While advocates struggle to keep family violence on the political agenda, one tireless campaigner has called for members of the Ballarat community to play their part in creating change.
Rosie Batty, 2015 Australian of the Year and founder of the Luke Batty Foundation, delivered a personal and emotional speech at the Committee for Ballarat Round Table Dinner on Thursday night.
Ms Batty spoke to the theme ‘reluctant leadership effecting change’, an inspiring topic for Leadership Ballarat and Western Region program participants who graduated later that evening.
At a federal level, this issue has lost momentum.Rosie Batty
In a world where victim blaming and disbelief remains, Ms Batty said it was important the family violence campaign did not lose momentum.
“With violence against women and children, somehow we struggle to keep it on the political agenda. Even though there has been strong leadership from our current state government, a change of government could be a whole different story,” she said.
“At a federal level, this issue has lost momentum. We need to see more leadership on a federal level. With the election coming up next year I am really dismayed at a lack of action.”
In 2014, Ms Batty’s 11-year-old son Luke was murdered by his father Greg Anderson at their local cricket ground after she had suffered years of family violence.
One in three women will experience violence in their lifetime, according to Our Watch, while one woman a week on average is murdered by a current or former partner.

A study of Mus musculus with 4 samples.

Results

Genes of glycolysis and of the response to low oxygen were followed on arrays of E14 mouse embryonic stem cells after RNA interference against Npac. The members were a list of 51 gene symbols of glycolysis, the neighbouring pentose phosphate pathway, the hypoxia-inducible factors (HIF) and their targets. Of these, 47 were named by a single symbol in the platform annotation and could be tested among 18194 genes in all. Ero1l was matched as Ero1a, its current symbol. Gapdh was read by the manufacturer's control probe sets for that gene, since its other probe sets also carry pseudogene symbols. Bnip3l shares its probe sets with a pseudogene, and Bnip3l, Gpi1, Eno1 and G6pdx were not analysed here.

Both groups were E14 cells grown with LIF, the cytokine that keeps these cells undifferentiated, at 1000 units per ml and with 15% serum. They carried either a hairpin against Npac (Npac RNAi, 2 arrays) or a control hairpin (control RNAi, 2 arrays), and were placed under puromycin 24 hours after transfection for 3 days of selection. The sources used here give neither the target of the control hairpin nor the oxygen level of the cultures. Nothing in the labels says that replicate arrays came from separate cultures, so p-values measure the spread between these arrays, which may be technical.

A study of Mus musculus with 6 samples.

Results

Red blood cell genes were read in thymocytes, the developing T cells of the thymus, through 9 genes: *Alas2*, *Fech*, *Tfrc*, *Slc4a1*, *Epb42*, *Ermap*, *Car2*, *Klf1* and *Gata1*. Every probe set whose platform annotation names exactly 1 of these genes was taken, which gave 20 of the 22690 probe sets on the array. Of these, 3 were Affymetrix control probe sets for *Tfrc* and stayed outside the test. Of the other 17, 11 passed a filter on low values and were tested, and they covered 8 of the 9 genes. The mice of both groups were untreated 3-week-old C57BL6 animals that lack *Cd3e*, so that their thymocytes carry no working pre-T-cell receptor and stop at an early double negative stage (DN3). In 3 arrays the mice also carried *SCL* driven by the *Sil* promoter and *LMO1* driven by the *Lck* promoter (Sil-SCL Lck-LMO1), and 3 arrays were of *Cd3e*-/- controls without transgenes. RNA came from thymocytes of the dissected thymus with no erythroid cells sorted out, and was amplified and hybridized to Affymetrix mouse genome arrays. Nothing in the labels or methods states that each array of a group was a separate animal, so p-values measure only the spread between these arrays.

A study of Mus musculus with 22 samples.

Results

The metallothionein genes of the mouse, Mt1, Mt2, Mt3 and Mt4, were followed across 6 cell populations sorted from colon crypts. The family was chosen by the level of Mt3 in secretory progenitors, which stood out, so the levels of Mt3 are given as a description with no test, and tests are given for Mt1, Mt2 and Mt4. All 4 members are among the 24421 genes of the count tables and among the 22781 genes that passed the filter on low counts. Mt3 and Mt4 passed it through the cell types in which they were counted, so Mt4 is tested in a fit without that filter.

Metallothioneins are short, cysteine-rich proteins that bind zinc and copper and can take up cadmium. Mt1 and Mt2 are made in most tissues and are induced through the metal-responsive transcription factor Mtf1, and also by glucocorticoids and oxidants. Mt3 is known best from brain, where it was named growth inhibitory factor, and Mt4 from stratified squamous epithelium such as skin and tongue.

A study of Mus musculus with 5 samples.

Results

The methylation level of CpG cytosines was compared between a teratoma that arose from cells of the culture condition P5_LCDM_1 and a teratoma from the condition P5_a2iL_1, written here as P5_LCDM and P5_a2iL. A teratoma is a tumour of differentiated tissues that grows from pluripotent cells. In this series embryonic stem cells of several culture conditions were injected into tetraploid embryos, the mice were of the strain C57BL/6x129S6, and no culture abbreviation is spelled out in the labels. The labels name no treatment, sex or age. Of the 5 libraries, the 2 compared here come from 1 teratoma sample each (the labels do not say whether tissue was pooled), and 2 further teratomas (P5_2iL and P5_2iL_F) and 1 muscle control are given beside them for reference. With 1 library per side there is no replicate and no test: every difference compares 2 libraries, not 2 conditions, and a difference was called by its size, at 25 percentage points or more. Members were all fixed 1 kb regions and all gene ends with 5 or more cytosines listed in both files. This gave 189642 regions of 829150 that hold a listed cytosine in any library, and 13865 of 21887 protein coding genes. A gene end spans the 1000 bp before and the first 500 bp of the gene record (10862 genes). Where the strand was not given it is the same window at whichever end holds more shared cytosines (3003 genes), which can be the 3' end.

Ms Batty said following current trends, five more women in Australia will die at the hands of their current or former partner before Christmas.
“Women who do choose to leave or make plans to leave are those who are murdered,” she said.
“They need to be safe, they need the violence to stop. That is a complex issue and there isn’t just one silver bullet. We need to understand what victims need is to be believed and respected rather than blamed. Instead of asking the question why didn’t she leave we should be asking why did he chose to use violence.
“Be informed, be aware, think about what you can do to support people you know. Showing that you care and are not complacent is a huge step forward.”
Ms Batty advocates for gender equality as the key driver to preventing family violence. She says men need to recognise they were the most critical part of the solution.
White Ribbon Day is recognised around Australia today to take a national stand to end violence against women.